VANCOUVER – ABBY'S ISLAND – 21ST

Trip Start Sep 14, 2010


Thursday, October 21, 2010

The next few days were spent relaxing around the island soaking up its beauty and enjoying its facilities. Rex enjoyed another round of golf, and just loved having the whole course to himself. I’m sure his game improved because of it!
 
On Thursday our spell of beautiful weather finally cracked, and we awoke to a thick fog which came up from the sea and almost to the house!  It wasn’t too thick though to hide a lovely young fawn who was grazing within a few feet of our front door, oblivious to our excitement and the clicking of our camera!
 
The fog kept us house-bound for the morning, but by lunchtime it lifted, and we were able to meet Ken at the dock and take the tender across to the mainland. Abby then drove us into Victoria, and dropped us at the stunning Butchart Gardens for the afternoon.

Wow, were they fabulous, even though it was mid-Autumn when we visited.  Abby shouted us the entry plus High Tea, which was a magnificent experience in the beautiful old original homestead, set amongst picturesque lawns and trees. The history of the gardens is really interesting too. They were started in the early 1900s by Robert & Jennie Butchart who operated a cement production company in the limestone rich Saanich Peninsula.


In 1909, when the limestone quarry was exhausted, Jennie set about turning it into the Sunken Garden, which was completed in 1921. They named their home "Benvenuto" ("welcome" in Italian), and began to receive visitors to their gardens. In 1926, they replaced their tennis courts with an Italian garden and in 1929 they replaced their kitchen vegetable garden with a large rose garden. But perhaps the most spectacular of all is the Japanese garden, which was designed by Isaburo Kishida, and is hugely popular.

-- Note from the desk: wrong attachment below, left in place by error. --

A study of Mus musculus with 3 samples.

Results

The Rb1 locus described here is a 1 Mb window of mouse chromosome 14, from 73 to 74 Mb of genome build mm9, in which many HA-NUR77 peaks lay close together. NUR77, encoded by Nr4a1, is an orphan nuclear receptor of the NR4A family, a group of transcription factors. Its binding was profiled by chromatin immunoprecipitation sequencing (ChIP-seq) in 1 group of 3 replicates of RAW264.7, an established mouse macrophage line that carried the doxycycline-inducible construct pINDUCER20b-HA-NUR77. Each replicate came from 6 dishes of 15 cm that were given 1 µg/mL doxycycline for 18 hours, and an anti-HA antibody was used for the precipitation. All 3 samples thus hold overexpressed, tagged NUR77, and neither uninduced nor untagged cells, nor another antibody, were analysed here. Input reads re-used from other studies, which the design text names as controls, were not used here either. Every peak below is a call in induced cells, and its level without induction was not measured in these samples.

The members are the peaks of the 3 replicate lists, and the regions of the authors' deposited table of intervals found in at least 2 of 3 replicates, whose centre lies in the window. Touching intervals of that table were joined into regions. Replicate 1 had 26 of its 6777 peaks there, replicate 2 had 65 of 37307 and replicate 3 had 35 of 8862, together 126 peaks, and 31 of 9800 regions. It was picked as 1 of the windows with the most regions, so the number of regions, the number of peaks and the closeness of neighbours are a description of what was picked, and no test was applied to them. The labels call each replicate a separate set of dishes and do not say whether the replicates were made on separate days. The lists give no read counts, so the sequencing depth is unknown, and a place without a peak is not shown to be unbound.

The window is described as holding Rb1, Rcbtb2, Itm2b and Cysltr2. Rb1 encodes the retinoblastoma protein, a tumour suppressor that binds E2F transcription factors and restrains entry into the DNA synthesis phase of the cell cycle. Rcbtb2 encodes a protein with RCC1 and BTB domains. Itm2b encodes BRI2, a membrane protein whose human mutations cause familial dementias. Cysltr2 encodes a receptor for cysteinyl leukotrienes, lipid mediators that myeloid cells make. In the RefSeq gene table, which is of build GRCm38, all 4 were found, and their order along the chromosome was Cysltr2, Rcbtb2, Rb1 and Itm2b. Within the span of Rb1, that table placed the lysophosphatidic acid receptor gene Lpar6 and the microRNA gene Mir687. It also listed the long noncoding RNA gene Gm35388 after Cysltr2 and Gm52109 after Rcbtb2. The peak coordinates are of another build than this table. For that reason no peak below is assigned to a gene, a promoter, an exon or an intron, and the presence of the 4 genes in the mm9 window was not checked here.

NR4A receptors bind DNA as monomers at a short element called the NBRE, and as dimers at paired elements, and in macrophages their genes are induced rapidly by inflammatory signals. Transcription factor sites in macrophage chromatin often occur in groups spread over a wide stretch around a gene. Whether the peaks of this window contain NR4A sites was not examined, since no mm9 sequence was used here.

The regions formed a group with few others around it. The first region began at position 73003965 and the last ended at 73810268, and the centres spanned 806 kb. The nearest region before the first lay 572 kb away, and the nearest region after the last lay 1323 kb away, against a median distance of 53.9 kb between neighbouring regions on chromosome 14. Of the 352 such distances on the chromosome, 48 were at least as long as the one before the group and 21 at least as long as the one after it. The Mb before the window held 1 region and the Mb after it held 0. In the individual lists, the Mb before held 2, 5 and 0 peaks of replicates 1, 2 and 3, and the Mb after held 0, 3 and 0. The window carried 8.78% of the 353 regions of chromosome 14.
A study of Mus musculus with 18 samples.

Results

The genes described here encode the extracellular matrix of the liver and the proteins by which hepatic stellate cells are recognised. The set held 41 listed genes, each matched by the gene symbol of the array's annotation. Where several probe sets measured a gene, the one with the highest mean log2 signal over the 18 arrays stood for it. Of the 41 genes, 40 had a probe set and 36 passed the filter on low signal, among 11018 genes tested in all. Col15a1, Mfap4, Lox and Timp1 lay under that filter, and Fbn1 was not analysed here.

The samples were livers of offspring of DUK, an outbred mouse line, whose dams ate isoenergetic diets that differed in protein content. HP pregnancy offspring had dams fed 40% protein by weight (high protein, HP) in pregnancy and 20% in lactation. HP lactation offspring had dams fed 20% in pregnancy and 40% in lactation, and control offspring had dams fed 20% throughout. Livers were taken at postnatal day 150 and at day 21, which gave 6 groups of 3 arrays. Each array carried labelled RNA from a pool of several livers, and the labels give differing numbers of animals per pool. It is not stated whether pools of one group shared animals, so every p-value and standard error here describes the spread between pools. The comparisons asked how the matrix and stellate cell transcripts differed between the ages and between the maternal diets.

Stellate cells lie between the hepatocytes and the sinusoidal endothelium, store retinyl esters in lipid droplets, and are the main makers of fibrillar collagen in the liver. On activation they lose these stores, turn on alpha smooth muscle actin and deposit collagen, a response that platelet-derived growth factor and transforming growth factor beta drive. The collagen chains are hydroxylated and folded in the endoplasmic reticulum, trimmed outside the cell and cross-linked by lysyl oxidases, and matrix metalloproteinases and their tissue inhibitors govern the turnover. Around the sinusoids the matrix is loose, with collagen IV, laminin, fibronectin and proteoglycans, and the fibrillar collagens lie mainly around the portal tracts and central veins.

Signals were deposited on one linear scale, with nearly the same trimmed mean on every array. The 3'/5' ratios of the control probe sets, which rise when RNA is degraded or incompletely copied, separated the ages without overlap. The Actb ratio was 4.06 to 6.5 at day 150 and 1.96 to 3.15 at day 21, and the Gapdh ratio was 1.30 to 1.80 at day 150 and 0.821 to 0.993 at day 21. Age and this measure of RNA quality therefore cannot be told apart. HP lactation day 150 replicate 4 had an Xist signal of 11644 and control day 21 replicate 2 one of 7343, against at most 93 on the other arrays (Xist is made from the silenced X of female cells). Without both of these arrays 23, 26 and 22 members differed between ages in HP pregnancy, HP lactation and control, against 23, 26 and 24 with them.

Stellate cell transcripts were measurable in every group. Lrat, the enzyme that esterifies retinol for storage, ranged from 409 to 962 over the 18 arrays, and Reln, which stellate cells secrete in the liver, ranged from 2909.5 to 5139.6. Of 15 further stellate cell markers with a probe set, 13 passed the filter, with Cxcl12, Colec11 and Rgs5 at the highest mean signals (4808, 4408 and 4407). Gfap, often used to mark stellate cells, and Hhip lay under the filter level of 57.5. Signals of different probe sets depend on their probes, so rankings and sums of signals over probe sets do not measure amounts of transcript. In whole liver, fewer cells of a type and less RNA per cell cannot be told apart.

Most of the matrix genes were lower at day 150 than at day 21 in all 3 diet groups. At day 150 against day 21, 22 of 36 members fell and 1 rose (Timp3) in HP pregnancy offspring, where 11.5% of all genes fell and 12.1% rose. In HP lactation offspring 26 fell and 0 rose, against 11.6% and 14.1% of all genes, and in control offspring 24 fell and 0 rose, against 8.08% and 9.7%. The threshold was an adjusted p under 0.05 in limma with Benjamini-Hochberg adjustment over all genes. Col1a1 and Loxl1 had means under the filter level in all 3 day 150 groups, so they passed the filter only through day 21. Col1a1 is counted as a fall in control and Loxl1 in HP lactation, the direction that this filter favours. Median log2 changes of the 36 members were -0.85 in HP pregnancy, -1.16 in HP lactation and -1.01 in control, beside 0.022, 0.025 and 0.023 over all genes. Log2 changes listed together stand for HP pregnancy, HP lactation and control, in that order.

In 1939, the Butcharts gave the Gardens to their grandson Ian Ross (1918–1997) on his 21st birthday. Ross was involved in the operation and promotion of the gardens until his death 58 years later, and was responible for building the Ross Fountain to commemorate the 60th anniversary of the gardens.
In 2004, two 30-foot (9.1 m) totem poles were installed to mark the 100th anniversary, and The Gardens was designated as a national historic site.


Abby collected us about 5pm from the Gardens, and we drove back to the dock passing field and field of ripe pumpkins - all ready and waiting to be carved up for Halloween! Ken met us for the short trip back to the island, and that evening we enjoyed the most amazing venison dinner Rex and I have ever had.  The venison was raised on the island, and the way Jason prepared and cooked it was just stunning.


We had a reasonably early night, as jason had to be up with the birds the next morning for the red-eye flight to Ft. Lauderdale. But it was hard for us to sleep knowing that each time we woke our time on the island was getting shorter.